Choice Hotels offers nearly $8 billion for larger rival Wyndham Hotels & Resorts as travel booms


Choice Hotels International is asking shareholders of rival chain Wyndham Hotels & Resorts to sign off on a buyout worth nearly $8 billion after Wyndham broke off negotiations, the company said Tuesday.

“A few weeks ago, Choice and Wyndham were in a negotiable range on price and consideration, and both parties have a shared recognition of the value opportunity this potential transaction represents, said Choice CEO Patrick Pacious. ”We were therefore surprised and disappointed that Wyndham decided to disengage. While we would have preferred to continue discussions with Wyndham in private, following their unwillingness to proceed, we feel there is too much value for both companies’ franchisees, shareholders, associates, and guests to not continue pursuing this transaction.”

Wyndham did not immediately respond to a request for comment early Tuesday.

Choice, based in Rockville, Maryland, is offering $49.50 in cash and 0.324 shares of Choice common stock for each Wyndham share they own, a 20% premium to Wyndham’s last closing price.

Choice’s proposal allows Wyndham shareholders to choose either cash, stock, or a combination of cash and stock. The proposal also includes giving Wyndham two seats on the combined company’s board.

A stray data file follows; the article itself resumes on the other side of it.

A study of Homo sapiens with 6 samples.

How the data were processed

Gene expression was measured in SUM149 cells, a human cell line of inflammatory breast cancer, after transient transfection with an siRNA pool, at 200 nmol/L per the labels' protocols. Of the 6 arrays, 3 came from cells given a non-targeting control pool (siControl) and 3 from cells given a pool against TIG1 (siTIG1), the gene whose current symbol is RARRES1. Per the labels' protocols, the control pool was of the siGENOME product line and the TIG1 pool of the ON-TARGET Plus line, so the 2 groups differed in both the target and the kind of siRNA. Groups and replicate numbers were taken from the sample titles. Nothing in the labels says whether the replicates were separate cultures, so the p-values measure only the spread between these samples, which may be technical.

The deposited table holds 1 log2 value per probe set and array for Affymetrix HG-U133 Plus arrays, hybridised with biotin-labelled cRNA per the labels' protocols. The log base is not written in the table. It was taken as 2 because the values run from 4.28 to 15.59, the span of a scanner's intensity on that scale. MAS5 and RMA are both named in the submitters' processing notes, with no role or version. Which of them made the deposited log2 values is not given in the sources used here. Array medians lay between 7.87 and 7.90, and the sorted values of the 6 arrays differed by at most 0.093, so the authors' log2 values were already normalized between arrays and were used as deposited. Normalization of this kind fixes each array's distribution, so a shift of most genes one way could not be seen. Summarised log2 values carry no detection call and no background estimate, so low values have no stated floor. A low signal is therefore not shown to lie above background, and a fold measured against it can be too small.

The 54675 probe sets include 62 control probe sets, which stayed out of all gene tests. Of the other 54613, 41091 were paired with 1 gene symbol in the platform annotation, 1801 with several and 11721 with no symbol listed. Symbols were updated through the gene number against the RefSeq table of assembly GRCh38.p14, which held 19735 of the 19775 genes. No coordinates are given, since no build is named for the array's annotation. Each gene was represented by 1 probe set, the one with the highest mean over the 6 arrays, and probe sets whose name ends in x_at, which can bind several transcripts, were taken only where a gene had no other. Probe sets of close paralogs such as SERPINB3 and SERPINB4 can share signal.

The deal has a total value of about $7.8 billion. When including debt, it’s valued at approximately $9.8 billion.

Choice first approached Wyndham in April, offering $80.00 per share, with 40% of that cash and 60% Choice stock, but was rejected, Choice said.

It bumped the offer to $85 per share, then to $90 per share as the board chairs and CEOs of each company met. But, according to Choice, Wyndham voiced concerns about regulatory approval in September and also the value of Choice stock.

Choice operates about 7,500 hotels in 46 countries. It’s seeking to absorb a much larger chain in Wyndham, which operates nearly 9,300 hotels under a host of brands including Days Inn, Howard Johnson, La Quinta, Ramada, Super 8 and Travelodge.

Wyndham, based in Parsippany, New Jersey, posted a profit of $355 million last year with revenue of $1.5 billion.

Like most hotels, it has benefited from booming travel in recent years. The uptick in travel has lead to snarled airports and pilot shortages. That has cooled a bit this year as people become more cost conscious about their trips due to inflation and after spending more freely for more than a year.

Wyndham’s shares are up more than 170% since it stock price tumbled close to $25 each at the start of the pandemic.

Shares of Wyndham Hotels & Resorts Inc. jumped more than 15% before the opening bell Tuesday, to $82.40.

Shares of Choice Hotels International Inc. fell more than 2%.